Marco Rubio, Diane Feinstein Want CFTC to Address Financial Risk of Climate Change

On Tuesday, U.S. Sens. Marco Rubio, R-Fla., and Dianne Feinstein, D-Calif., called on the Commodity Futures Trading Commission, the first federal financial regulator to create a climate risk working group, to include specific recommendations for addressing the financial risk of climate change in the upcoming report by its Climate-Related Market Risk Subcommittee.

“Senator Rubio has advocated for common-sense measures that will help Florida adapt to and mitigate the risks of extreme weather, rising sea levels, and other climate-related risks. These long-term challenges include risks to the financial system and the financial well-being of Floridians. Senator Rubio hopes that the CFTC will provide reasonable, responsible, non-ideological, and common-sense recommendations to federal financial regulators seeking to understand and mitigate the risks of climate change to the U.S. financial system,” the senator’s office noted.

The full text of the letter is below.

Dear Chairman Litterman:

We write to commend the Commodity Futures Trading Commission (CFTC) for creating the Climate-Related Market Risk Subcommittee and offer public comments in advance of its report. We appreciate that the CFTC recognizes the importance of climate change risk, and we encourage you to produce robust and specific recommendations for understanding and mitigating the risks of climate change to the U.S. financial system.

Increasingly, floods, hurricanes, wildfires, and other natural disasters and extreme weather events threaten not only the safety and property of millions of Americans, but also the stability of the financial system. In recent years, wildfires preceded by severe drought-inducing climate patterns have ravaged the West and inflicted a devastating toll on homeowners, businesses, and industries critical to the economy. Similarly, recent financial effects have been incurred by the impacts of unrelenting tropical weather along the Gulf Coast, U.S. territories and Eastern Seaboard. This year could see a continuation of these patterns, with the National Oceanic and Atmospheric Administration (NOAA) and National Interagency Fire Center (NIFC) predicting the possibility of an above average hurricane and wildfire season. Climate change and rising natural disaster risk have raised insurance premiums and reduced the value of high-risk land and related assets. NOAA estimates that weather and climate disasters cost the U.S. $807 billion between 2010 and 2019 and approximately $1.77 trillion since 1980. Such realities place the assets and financial institutions that underlie the U.S. financial system at great risk, as recent history demonstrates.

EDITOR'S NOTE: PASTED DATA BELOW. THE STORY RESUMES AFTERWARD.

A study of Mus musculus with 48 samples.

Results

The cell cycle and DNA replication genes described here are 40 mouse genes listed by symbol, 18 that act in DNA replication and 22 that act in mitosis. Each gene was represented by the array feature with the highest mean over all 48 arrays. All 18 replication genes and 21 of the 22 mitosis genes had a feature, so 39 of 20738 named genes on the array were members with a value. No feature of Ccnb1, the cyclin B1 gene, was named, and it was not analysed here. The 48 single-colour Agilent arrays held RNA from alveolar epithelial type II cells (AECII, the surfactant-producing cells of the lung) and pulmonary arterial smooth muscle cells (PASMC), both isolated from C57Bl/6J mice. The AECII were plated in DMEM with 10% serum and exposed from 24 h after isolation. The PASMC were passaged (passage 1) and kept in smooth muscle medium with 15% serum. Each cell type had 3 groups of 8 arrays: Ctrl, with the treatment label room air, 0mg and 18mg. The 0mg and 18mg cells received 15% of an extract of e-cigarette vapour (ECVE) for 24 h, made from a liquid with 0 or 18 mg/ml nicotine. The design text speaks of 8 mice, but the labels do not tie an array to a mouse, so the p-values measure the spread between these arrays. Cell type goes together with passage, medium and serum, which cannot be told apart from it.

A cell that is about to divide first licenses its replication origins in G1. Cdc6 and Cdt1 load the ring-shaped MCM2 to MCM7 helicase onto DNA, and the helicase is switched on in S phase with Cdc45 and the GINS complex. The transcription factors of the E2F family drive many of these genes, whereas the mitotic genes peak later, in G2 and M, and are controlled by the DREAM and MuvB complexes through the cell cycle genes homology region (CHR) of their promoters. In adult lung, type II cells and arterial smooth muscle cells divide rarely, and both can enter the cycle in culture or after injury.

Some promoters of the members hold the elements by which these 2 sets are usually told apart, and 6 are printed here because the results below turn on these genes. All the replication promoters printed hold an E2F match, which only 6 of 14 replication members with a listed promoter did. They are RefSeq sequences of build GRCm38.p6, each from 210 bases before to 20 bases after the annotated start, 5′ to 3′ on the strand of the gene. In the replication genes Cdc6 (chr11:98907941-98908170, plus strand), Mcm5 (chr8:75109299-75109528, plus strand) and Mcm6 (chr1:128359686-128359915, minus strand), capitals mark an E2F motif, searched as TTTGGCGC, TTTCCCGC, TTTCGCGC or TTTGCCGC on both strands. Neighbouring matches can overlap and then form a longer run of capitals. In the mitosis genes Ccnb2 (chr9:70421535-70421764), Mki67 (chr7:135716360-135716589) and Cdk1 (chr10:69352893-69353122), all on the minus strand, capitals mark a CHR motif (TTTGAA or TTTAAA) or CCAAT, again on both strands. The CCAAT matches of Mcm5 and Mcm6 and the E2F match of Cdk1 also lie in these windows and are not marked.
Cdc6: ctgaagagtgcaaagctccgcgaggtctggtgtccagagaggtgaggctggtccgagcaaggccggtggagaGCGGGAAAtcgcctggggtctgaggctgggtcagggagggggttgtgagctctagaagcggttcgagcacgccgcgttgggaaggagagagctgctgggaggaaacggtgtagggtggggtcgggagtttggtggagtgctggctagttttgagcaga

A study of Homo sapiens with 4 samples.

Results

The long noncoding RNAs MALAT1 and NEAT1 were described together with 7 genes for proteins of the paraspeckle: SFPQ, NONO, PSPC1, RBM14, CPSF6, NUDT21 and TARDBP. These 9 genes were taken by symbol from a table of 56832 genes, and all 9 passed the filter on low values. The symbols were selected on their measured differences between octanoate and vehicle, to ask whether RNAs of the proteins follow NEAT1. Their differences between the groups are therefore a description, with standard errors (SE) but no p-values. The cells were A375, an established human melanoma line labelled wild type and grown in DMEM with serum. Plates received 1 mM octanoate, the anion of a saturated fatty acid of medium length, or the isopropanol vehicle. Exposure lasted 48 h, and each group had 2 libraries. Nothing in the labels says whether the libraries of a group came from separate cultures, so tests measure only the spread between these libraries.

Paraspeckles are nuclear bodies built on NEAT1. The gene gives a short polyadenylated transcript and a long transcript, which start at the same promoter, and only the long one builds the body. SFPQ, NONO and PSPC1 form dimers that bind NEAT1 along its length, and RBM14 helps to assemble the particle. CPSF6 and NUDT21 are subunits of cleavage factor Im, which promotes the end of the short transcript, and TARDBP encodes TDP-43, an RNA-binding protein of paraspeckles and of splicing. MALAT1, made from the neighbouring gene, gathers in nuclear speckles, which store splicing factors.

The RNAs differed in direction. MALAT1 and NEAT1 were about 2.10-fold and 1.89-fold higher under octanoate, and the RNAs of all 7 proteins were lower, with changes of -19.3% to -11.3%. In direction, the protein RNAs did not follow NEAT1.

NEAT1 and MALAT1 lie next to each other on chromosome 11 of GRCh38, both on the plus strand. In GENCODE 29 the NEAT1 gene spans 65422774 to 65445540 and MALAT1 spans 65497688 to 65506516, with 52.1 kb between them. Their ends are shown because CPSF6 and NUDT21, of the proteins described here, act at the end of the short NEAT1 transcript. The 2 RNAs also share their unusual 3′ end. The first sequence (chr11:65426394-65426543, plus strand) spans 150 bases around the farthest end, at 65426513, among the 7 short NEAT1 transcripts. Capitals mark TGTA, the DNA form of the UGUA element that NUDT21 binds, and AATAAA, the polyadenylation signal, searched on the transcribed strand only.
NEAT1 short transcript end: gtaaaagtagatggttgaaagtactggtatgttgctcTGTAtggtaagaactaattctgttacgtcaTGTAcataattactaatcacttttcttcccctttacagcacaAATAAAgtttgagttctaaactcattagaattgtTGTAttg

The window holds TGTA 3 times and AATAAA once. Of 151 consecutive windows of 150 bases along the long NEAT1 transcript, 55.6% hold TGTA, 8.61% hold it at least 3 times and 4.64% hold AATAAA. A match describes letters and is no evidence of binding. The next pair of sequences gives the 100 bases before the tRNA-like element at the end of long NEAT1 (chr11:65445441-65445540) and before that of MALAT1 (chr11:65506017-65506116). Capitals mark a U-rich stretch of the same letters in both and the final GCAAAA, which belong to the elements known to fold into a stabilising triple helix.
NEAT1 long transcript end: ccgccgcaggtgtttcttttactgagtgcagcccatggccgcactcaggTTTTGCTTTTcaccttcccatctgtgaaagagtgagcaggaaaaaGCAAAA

Because the Subcommittee’s report will be the first of its kind for federal financial regulators, you have an opportunity to make recommendations that not only guide the CFTC, but could help to inform other U.S. regulators as well. Specifically, we ask that your forthcoming recommendations address the questions we have attached. Most experts understand that climate risk is a serious source of financial instability, and we are pleased to see a U.S. financial regulatory agency make recommendations that multiple federal regulators may be able to use as a model. It is essential to adapt our financial system to climate-related risks, and we look forward to reviewing the Subcommittee’s recommendations.